Pinball kids: Children’s Commissioner shines a light on children in care ‘pinging’ between schools, homes and social workers
- 2,000 children had a change of care placement, school and social worker in a single year
- 1 in 4 children in care experienced multiple changes in their social worker over the same period
- 1 in 10 children in care moved school in the middle of the academic year – three times the national rate for all children
A new report launched by the Children’s Commissioner for England shines a light on the difficulties faced by thousands of children each year bouncing around the social care system.
The Stability Index is a new measure of stability for looked after children. It brings together data on care placements, schools and social workers, in order to understand for the first time the type and scale of instability experienced by these children.
The analysis reveals that over a 12-month period between 2015 and 2016:
- 1 in 10 children in care – over 7,000 in total – experienced two or more changes in their care placement.
- 1 in 4 children in care – nearly 18,000 children – experienced two or more changes in their social worker.
- 2,000 children in care saw their care placement, their school and their social worker all change.
- 50,000 children in care (71%) experienced any type of change (placement, school or social worker).
The study also shows that 1 in 10 children in the care system moved school in the middle of the academic year, a change which can be particularly disruptive to education and exams. Children in care are three times more likely to experience a mid-year school move than schoolchildren in general.
While placement changes do increase the likelihood of changing school, the research also found that in just over half of cases, children in care changed school during the academic year without a change in their placement – meaning that other factors are also playing a role.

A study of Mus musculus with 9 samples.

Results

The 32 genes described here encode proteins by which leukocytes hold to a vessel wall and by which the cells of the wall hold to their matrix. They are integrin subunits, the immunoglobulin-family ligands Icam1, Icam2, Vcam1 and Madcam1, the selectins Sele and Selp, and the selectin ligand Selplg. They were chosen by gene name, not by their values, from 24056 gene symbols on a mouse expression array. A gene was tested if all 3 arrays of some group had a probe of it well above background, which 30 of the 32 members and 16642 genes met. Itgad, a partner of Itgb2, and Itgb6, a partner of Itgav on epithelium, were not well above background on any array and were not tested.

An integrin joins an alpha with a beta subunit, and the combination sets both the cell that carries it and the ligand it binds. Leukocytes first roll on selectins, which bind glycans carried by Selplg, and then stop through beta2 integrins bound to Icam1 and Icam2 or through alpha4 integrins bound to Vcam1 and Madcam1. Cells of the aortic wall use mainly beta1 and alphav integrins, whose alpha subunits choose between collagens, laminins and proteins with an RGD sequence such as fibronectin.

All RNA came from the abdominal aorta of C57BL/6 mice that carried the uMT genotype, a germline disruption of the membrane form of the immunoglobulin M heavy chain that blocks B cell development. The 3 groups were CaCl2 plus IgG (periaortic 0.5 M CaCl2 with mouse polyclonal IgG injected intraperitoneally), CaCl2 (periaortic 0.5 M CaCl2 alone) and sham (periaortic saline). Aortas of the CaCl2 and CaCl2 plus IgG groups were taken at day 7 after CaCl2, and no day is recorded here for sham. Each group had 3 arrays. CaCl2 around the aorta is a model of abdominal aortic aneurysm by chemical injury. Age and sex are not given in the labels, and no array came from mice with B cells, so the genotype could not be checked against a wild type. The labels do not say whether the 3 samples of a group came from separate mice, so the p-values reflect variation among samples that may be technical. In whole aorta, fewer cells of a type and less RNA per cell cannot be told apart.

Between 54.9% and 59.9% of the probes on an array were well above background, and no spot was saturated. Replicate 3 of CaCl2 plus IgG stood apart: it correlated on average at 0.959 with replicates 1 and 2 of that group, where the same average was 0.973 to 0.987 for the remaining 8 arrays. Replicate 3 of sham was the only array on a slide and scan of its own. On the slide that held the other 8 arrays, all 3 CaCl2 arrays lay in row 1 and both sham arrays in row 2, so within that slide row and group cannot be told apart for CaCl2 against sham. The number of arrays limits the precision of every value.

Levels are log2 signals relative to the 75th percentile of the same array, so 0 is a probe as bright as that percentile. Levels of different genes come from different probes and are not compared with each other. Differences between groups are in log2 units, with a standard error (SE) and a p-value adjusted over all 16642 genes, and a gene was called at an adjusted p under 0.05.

Research has shown that all children need stability while they grow up, and that a lack of continuity in care and education is strongly linked with lower attainment. Instability in care can also exacerbate existing behavioral and emotional difficulties, making it more difficult for children to establish relationships going forward, which can contribute to further placement breakdown and a deeper sense of rejection.
The Children’s Commissioner’s office ran four workshops with children with care experience who described how instability can damage trust and education:
“It matters for all children that they don’t move a lot.” (Teenage boy).
“I’m not willing to build up relationships again when they’re going to leave again in a few months.” (Teenage girl).
One girl told us she had not attended school for two years because she was in and out of care. Another girl said that she was told by text message in the middle of her GCSEs that she would be changing schools.
The Stability Index aims to improve understanding of levels of instability for looked after children and to help local authorities and schools reduce unnecessary changes. The index will be developed further, in partnership with councils and other agencies, to help them track progress in reducing unnecessary or unplanned moves.
Responding to today’s report, The Children’s Commissioner for England, Anne Longfield, said:
“Children in the care system crave stability, just like any other child. Especially for these kids, having reliable, consistent adults in their lives is critical to helping them flourish and overcome problems they may have experienced in the past.
“Sometimes changes are unavoidable and occur for the right reasons. But when ‘pinball kids’ are pinged around the system, it can damage them and their future prospects.
“Many of these children enter care with complex issues and are highly vulnerable. We must find a better, more consistent way of meeting their needs.”